Hiss Golden Messenger - The Lantern at Colston Hall, Bristol

One of 2014's more overlooked albums came from North Carolina's Hiss Golden Messenger. Lost in the rush to anoint the War On Drugs, Lateness Of Dancers was an American folk-rock classic in the making, full of southern charm and soft rock intonations. Inventive and engrossing, it has a mildly dark, Deep South feel and deserves a wider audience.

Having spent a decade releasing records on smaller labels and building a small - but dedicated - following, Lateness… was their most accessible release yet, both in sound and availability. Led by frontman MC Taylor and bassist Scott Hirsch, the rest of the line-up is filled on a revolving basis, with their live shows in particular ranging from acoustic solo (just Taylor) to a full band affair; the current tour is of the latter variety.

As far as openings go it was one of the more interesting approaches. "Who the hell are you? I've never been to Bristol in my life. How did you get here?" exclaims Taylor after the opening ‘Brother, Do You Know The Road?’ had morphed from a restrained off mic call and response between the frontman and his band to an extended jam (including a screaming guitar solo from the masterful Phil Cook). It certainly removed any midweek cobwebs.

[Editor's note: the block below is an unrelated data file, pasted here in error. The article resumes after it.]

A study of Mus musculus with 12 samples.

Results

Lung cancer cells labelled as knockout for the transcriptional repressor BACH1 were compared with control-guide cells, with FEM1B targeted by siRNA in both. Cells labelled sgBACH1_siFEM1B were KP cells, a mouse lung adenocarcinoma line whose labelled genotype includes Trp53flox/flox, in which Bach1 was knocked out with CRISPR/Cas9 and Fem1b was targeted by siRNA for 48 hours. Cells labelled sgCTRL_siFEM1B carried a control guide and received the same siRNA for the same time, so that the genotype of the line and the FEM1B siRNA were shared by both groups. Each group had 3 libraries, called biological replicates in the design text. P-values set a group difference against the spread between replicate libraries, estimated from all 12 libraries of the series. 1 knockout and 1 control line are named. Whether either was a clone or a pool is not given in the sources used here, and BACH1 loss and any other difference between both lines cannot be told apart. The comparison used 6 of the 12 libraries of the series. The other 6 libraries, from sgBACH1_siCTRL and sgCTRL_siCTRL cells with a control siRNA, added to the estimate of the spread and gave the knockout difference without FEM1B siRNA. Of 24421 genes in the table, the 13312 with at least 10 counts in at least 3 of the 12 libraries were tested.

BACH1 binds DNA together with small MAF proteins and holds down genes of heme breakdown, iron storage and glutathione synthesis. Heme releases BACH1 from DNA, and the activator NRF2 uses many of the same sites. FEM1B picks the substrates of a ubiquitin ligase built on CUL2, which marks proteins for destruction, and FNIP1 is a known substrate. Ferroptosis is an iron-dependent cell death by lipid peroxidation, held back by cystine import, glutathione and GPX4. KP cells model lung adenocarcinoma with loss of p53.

Much of the focus on their recorded output is on the lyrics and themes in Taylor's writing, live is all about the groove. Kirsch’s bass propels each song forward and Taylor’s southern drawl makes it tough to decipher lyrics in the flesh - there’s something of Dylan about his delivery - and becoming transfixed by their perpetual funkiness is easy. Their influences are laid bare: the James Taylor cover ‘Angry Blues’, is in many ways the quintessential Hiss… song, based as it is on an ongoing bass riff; you can clearly hear the similarities with their own, excellent, ‘Southern Grammar’. They don’t just groove though; they’re into heavier rock than the recorded version of themselves and ‘I’m A Raven (Shake Children)’ is louder and harder live.

Fittingly, their final song (“This is our way of breaking the curfew,”) is a totally acoustic, off stage, campfire singalong with just Taylor, his guitar, bandmates on beer bottles, and audience quietly slapping thighs. Really. After the blues and rock of the previous 90 minutes it brings things full circle to the acoustic start and gives light to the very essence of the band: great songs played with care, attention and passion.